Dr. Edward Zurad is what is becoming a rarity among practicing medical physicians.
This independence was very likely a major factor in Zurad being named the No. 1 physician in a readers’ poll conducted recently by the Wyoming County Press Examiner.
“I’m very happy about it,” Zurad said. “I’m very grateful that our patients think that much of us and our office.”
Zurad has been practicing medicine for 35 years - 30 years in Wyoming County, and in Tunkhannock since 1999. Although originally from Philadelphia - having obtained his medical degree from Jefferson Medical College - Zurad said he’s always been attracted to practicing medicine in a rural area.
Zurad was hired by Tyler Memorial Hospital in 1987 to establish primary care offices through out the area. He decided to become an independent physician back in Laceyville back 1993, before moving his practice to Tunkhannock in 1999.
The reason he set up a private practice, Zurad explained, is because of the amount of work that health care systems require from their physicians.
“One of the problems is the excessive amount of data insurance companies require physicians to collect,” he explained. “That means they have to spend a lot of time at the computer that gets in the way of the patient.”
Zurad said he prefers to work one-on-one with his patients, to determine and meet each of their individuals needs.
The doctor practices medicine in three areas - family medicine, geriatrics, and is a master occupational medicine physician. In the last category, Zurad is the medical director for Procter and Gamble as well as six other local companies.
As an independent physician, Zurad has an impressive number of 4,700 clients.
“My staff is totally dedicated to our patients,” he explained. “I am accessible - on call 24 hours a day, seven days a week. I never go off call. So my patients can always reach us if they have a problem.”
Concerning why he decided to become an independent, Zurad said there are only about 5,500 now practicing in Pennsylvania. The reason they do so is to maintain a personal relationship with their patients, to determine what is best for them - rather than letting that determination be made by insurance companies.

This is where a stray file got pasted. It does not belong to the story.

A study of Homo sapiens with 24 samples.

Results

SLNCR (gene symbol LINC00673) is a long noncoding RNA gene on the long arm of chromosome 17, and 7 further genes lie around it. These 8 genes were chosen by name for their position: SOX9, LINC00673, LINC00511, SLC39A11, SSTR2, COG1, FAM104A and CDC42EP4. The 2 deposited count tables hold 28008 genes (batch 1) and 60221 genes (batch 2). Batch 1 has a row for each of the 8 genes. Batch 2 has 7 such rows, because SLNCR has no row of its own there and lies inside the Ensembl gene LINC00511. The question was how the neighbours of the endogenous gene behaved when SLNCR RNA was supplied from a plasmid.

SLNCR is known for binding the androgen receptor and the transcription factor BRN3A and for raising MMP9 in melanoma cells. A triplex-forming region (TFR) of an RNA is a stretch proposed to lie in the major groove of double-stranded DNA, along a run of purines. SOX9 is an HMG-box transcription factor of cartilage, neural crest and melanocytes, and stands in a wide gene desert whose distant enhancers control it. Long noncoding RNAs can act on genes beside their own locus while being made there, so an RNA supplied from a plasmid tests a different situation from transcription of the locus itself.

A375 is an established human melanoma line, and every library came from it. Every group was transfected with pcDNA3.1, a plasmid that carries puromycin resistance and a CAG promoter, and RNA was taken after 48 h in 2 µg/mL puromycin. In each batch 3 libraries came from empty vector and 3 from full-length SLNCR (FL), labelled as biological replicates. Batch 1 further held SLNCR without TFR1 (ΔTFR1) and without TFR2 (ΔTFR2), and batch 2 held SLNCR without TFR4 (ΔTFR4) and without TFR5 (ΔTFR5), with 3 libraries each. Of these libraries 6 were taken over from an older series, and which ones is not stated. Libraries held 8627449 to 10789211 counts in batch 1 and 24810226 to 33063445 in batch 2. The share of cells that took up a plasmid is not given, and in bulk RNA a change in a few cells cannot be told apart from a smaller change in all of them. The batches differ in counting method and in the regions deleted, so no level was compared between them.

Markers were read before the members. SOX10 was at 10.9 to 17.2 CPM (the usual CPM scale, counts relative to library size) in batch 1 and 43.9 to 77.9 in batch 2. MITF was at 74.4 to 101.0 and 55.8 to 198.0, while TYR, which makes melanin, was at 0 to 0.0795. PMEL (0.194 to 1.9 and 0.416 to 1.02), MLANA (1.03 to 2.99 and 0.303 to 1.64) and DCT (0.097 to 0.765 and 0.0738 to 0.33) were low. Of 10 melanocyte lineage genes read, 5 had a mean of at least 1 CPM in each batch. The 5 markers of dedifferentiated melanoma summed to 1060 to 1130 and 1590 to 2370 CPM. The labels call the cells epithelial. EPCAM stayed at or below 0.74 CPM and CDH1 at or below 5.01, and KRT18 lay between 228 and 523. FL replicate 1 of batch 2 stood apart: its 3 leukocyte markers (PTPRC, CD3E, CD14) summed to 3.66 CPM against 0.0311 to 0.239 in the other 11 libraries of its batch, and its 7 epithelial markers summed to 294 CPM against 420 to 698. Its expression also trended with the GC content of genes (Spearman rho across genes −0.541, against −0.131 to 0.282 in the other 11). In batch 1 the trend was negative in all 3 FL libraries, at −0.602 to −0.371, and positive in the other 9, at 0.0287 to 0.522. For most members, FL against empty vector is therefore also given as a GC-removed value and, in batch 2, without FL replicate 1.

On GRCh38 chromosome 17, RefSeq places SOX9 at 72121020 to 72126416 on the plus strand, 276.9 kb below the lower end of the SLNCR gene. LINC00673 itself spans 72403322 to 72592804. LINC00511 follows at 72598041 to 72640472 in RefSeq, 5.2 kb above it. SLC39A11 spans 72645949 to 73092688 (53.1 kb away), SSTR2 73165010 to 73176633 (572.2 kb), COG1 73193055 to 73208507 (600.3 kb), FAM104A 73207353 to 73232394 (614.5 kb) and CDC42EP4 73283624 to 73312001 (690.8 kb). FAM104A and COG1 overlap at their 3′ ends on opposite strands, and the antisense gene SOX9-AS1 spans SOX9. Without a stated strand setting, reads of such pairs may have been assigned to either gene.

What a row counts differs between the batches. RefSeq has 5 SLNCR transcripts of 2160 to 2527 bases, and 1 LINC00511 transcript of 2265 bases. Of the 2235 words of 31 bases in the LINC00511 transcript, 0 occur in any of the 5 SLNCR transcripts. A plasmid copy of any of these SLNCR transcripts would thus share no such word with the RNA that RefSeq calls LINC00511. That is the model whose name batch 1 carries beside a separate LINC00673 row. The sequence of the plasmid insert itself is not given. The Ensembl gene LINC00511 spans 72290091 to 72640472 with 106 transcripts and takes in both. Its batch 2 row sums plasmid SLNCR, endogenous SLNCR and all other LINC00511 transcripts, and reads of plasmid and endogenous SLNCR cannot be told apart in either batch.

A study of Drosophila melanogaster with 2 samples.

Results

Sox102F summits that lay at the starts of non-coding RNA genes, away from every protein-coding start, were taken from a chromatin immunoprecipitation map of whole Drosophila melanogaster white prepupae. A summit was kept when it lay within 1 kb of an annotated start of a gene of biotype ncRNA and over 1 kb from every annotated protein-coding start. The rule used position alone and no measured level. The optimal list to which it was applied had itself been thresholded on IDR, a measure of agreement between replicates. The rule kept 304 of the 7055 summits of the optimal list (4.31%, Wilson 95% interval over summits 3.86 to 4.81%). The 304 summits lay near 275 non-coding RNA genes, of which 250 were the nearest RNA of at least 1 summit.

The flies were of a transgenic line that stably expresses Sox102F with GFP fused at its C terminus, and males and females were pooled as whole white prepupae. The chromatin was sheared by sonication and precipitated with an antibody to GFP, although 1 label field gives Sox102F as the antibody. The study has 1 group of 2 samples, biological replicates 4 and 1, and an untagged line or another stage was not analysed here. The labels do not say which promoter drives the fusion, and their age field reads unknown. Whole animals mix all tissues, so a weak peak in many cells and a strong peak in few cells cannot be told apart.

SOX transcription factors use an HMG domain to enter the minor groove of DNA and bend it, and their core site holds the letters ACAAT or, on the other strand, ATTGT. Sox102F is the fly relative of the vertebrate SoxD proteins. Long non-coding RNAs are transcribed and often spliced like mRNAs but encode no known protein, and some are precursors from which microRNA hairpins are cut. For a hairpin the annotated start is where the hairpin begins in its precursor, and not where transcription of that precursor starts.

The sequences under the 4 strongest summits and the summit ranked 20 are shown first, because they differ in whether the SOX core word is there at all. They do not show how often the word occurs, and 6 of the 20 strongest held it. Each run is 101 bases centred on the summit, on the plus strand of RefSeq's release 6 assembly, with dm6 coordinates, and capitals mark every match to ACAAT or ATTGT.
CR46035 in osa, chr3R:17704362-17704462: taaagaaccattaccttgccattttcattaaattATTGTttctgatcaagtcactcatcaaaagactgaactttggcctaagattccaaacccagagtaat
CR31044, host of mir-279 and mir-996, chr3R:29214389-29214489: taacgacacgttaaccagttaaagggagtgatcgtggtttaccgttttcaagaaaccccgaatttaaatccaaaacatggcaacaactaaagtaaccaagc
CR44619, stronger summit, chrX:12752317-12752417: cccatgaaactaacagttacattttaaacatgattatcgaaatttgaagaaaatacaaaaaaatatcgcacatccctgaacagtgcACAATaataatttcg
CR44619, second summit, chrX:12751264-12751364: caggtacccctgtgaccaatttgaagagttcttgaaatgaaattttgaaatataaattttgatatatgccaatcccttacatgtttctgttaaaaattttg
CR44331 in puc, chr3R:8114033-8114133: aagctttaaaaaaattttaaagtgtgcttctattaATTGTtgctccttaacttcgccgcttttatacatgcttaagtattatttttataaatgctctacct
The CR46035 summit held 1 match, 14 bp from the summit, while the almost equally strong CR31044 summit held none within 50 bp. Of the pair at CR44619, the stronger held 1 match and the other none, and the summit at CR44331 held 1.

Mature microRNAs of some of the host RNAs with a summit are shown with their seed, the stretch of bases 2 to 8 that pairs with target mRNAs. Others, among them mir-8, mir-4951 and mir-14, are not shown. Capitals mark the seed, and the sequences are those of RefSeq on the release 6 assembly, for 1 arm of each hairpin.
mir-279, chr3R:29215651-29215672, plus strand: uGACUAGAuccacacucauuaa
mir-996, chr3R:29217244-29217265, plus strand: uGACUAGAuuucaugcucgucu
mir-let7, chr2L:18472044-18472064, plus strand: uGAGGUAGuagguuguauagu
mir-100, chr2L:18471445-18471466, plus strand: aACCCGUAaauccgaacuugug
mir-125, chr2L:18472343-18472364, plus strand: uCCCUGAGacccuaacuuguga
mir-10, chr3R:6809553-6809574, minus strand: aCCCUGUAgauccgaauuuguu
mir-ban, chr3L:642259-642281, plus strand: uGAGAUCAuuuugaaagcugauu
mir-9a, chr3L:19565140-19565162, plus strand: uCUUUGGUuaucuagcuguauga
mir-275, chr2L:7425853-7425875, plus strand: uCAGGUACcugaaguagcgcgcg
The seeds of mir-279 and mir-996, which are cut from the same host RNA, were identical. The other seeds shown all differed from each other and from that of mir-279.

“It’s difficult to stay independent. You take a huge hit financially. But you do it because you want to serve your patients in the best possible way to meet their needs.”
His specialty in geriatrics means special medical challenges for Zurad.
“When you take care of the elderly, you’re taking care of multiple medical problems that can be extremely complex to manage,” he said. “Especially with the huge amount of treatments that are now available.”
Assisting Zurad are three staff members - his wife Patti Zurad, who is an RN, Kate Crawford, an LPN, and Bonnie Burke, the receptionist.
“We practice very lean medicine,” Zurad explained. “But that helps us be very efficient. We know our patients and they know us. It works extremely well.”
Zurad’s office also provides a personal touch to its clients. Staff members will call patients directly with lab results and other information. The office also does not use an automatic answering service - calls are directly handled by staff personnel.
“I find it assuring that our patients like our personalized style of practice, Zurad explained. “Because they feel like they are being heard and their concerns are being addressed.”